Several years ago, Steve Reilly took his daughter, Kate to an emergency room, where her condition was misdiagnosed. It was a scary experience for Reilly, but thankfully, his daughter is OK.
Going through that experience inspired Reilly and his brother Christian Reilly to build “Mednition to harness the power of natural language and machine learning technologies” in 2014. Mednition was built to help clinicians make better, more informed decisions at the point of care.
Now Mednition, makers of machine learning-powered solutions for healthcare, have closed a $10 million Series A round of funding, with the financing to be used to expand the company’s customer care team.
Concord Health Partners led the financing round. In addition, Concord used money from its American Hospital Association Innovation Fund for the financing. Others that participated in the financing round include existing investor, Wildcat Capital Management, LLC and the family office of David Bonderman, co-founding partner of TPG Capital.
Mednition Chief Executive Officer, Steven Reilly, said: “We’re transforming how clinical decisions are made in real-time. Having Concord Health Partners demonstrate their confidence in us, by leading this financing, validates our company’s strategy, team, and technology.”
James Olsen, Founder and Managing Partner of Concord Health Partners, said they were focused on identifying and supporting healthcare companies with innovative solutions that lower costs, improve safety, and expand access to quality healthcare.
“Mednition hits our criteria and is already using machine learning to advance healthcare where it’s most critical, at the point of care with emergency department clinicians and patients,” Olsen said.
The Series A funding round comes as Mednition is further scaling the commercial deployment of KATE, its flagship machine learning solution, which is now in use at Adventist Health White Memorial (AHWM) in Los Angeles.
KATE, named after Reilly’s daughter, alerts triage nurses to anomalies in care that merit a second look.
“Powered by the Mednition Clinical Data Engine, KATE combines clinical expertise and learnings informed by more than 10 billion data points to predict the acuity of emergency department patients. KATE complements existing workflows, screens, and documentation,” Mednition’s website says.
KATE, which has been in development since 2016, had its public debut at Emergency Nursing 2019, the primary industry conference dedicated to emergency nursing. The conference was held between September 29 and October 2.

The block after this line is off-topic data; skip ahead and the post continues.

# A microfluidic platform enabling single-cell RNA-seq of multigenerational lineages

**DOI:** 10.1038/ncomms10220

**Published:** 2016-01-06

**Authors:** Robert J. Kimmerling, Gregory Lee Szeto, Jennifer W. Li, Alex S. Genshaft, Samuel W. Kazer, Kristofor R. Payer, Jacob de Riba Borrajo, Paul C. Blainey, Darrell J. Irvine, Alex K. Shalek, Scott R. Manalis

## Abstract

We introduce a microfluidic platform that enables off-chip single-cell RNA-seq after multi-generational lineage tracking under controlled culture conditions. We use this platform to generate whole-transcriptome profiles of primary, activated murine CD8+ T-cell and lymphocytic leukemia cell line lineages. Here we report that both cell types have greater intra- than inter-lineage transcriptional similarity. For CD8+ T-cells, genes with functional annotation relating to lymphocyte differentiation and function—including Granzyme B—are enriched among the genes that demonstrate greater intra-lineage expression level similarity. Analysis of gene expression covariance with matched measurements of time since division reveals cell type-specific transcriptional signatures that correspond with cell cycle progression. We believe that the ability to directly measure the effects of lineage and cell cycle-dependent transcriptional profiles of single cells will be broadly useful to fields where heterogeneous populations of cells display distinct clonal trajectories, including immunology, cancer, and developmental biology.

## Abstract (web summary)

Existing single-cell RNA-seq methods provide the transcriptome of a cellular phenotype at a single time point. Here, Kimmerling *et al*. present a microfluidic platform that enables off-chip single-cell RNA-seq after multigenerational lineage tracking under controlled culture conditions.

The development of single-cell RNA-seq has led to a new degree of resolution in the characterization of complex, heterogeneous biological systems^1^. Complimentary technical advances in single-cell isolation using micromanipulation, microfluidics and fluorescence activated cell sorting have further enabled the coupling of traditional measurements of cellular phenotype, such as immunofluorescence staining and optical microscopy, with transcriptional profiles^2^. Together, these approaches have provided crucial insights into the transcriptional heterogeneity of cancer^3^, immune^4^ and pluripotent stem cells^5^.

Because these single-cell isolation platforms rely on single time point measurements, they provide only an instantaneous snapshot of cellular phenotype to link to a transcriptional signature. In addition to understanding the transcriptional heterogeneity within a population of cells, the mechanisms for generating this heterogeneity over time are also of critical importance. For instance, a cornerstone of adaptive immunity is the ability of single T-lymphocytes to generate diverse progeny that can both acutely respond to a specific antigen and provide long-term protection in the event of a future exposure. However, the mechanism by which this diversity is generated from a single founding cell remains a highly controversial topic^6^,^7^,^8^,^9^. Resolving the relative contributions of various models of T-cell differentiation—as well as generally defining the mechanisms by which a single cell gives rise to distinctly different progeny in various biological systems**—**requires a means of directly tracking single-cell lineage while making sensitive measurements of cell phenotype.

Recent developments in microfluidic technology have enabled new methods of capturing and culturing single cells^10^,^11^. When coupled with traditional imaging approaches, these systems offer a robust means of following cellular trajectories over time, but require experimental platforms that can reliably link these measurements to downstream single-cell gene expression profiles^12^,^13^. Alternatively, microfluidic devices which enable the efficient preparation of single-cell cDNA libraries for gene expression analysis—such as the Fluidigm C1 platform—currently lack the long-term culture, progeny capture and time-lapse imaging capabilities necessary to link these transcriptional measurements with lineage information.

In 2016, Mednition partnered with AHWM to research machine learning in support of clinical decision making. A statement said KATE was deployed in December 2018 when the study results showed the potential to improve triage accuracy by 26.9 percent for every patient presenting at their emergency department and up to 93.2 percent for high acuity patients.
Mednition said more than 70 emergency nurses at AHWM have been collaborating with KATE on triage acuity assignments serving an average of 160 patients per day.
This real-time machine learning solution is easy to use, integrating seamlessly with all popular electronic health record (EHR) systems and existing triage processes. Triage nurses are regularly adding their expertise to KATE’s dataset of more than 10 billion de-identified patient clinical data points, making the system continually smarter, the statement said.
“We have first-hand evidence that machine learning is improving healthcare delivery and saving lives. Using KATE, we have documented increased clinical accuracy, patient safety, and operational efficiency, while using the same processes and existing EHR systems. Our nurses see KATE as a critical new machine learning-powered tool, like an expert advisor who increases their accuracy, ensures patients received the right care at the right time and helps calm the chaos frequently associated with triage,” Mara Bryant, Operations Executive at Adventist Health White Memorial, said.
In a separate statement, Mednition said that through the use of KATE, AWHM had been able to identify high-risk patients, with 500 high-risk patients avoiding the emergency room. The technology had also helped increase timeliness of care, with 250 patients redirected to fast track.
“We’ve evolved the collaboration between Mednition and our emergency department from the initial study looking at triage assessment, to improving emergency clinicians’ ability to perform triage, to now showing outstanding outcomes and the impact on patients with objective data when triage is assigned more accurately at the beginning of a patient’s visit,” Bryant said.
Machine learning is regarded as a massive gamechanger in the health sector, with its adoption growing exponentially. You can read our comprehensive report on artificial intelligence in healthcare here.